Lawmakers introduce bills to drop Oklahoma’s income tax rate
OKLAHOMA CITY – A group of Oklahoma lawmakers have created a pair of bills that they claim would drop the state’s income tax rate and allow Oklahomans to keep more of their money.
Currently, the state’s individual income tax rate stands at 5.25 percent.
Last year, the Oklahoma Legislature approved a reduction of the tax rate that would have lowered the individual income tax rate to five percent.
However, it was struck down in 2013 by the Oklahoma Supreme Court.
“Any time Oklahomans are allowed to keep more of their own hard-earned money, it is a plus for them as individuals and for the state’s economy as well,” said state Rep. Leslie Osborn. “The state income tax has been lowered slowly over time from 7 percent to 5.25 percent. Nearly every time we have lowered the rate, we have seen a commensurate rise in tax revenue to the state’s coffers to fund core services. When people have more of their own money to spend, they invest in their businesses and sales tax revenue increases. It is a win-win situation for the citizens of Oklahoma.”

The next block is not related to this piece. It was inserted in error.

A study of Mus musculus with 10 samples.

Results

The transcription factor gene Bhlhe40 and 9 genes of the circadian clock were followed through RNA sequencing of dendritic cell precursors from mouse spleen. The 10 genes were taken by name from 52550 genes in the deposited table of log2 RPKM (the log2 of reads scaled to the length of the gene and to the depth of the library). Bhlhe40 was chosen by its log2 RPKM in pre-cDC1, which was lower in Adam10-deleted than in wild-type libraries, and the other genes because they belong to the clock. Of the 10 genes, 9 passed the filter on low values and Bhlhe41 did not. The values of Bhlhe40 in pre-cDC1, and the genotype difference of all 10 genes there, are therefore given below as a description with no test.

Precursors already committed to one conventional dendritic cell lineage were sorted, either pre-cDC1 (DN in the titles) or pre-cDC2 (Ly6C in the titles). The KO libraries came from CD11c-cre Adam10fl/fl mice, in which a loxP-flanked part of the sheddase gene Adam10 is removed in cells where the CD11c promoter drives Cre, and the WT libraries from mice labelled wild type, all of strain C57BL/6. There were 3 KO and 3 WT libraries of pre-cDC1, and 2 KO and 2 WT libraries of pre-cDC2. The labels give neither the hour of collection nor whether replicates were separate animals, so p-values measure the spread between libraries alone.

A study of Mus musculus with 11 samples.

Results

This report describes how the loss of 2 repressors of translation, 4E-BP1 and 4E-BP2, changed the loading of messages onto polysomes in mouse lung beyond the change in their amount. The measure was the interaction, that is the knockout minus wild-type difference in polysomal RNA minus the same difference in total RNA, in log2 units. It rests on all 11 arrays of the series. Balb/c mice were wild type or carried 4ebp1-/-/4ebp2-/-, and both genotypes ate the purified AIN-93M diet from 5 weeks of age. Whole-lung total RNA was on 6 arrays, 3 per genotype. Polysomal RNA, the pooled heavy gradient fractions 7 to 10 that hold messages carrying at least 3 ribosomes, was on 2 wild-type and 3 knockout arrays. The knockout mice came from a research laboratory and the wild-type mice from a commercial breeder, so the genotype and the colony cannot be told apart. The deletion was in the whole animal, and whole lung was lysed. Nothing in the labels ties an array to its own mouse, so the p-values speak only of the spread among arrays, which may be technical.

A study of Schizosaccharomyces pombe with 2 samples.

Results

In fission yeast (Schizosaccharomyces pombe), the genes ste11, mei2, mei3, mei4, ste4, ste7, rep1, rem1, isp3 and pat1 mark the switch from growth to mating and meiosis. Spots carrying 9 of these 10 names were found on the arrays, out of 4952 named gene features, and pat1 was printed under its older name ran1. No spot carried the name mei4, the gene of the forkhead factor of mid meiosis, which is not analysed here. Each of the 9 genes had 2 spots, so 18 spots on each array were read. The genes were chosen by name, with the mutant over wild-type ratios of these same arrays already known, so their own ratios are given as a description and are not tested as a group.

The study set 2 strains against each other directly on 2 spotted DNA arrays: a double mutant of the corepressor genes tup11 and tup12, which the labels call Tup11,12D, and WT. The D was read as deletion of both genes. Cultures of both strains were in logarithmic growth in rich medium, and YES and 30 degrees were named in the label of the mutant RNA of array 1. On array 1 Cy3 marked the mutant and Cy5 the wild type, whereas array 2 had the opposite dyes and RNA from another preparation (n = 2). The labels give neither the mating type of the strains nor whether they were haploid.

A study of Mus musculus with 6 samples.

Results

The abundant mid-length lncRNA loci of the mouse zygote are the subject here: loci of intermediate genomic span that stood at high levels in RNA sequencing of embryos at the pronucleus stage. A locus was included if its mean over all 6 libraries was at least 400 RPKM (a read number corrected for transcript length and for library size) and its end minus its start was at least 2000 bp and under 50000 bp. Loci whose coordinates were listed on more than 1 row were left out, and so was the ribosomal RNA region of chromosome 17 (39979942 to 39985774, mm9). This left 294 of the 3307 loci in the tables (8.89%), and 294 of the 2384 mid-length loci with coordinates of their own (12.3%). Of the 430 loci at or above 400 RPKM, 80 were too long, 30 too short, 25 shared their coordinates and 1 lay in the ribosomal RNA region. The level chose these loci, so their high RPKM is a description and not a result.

HB 3291 and SB 1849 would each lower the state’s individual income tax rate to 4.75 percent on Jan. 1, 2015; then to 4.5 percent on Jan. 1, 2016.
It would continue to drop to 4.25 percent on Jan. 1, 2017 and then to 4 percent on Jan. 1, 2018.
“Economic growth and principles of a limited government continue to be held back by our relatively high income-tax rate,” said state Sen. David Holt. “And the problem is even more acute now that we find ourselves in an income-tax sandwich between Texas, which has no income tax, and Kansas, which has lowered its rate below ours. I have introduced a tax-cut bill every year I’ve been in office, and I supported the 2013 tax cut that was later thrown out. But I believe we need to be doing something bolder than was proposed in 2013. We should view the Supreme Court’s decision as an opportunity to be bolder this time.”
Both measures will be considered during the 2014 legislative session.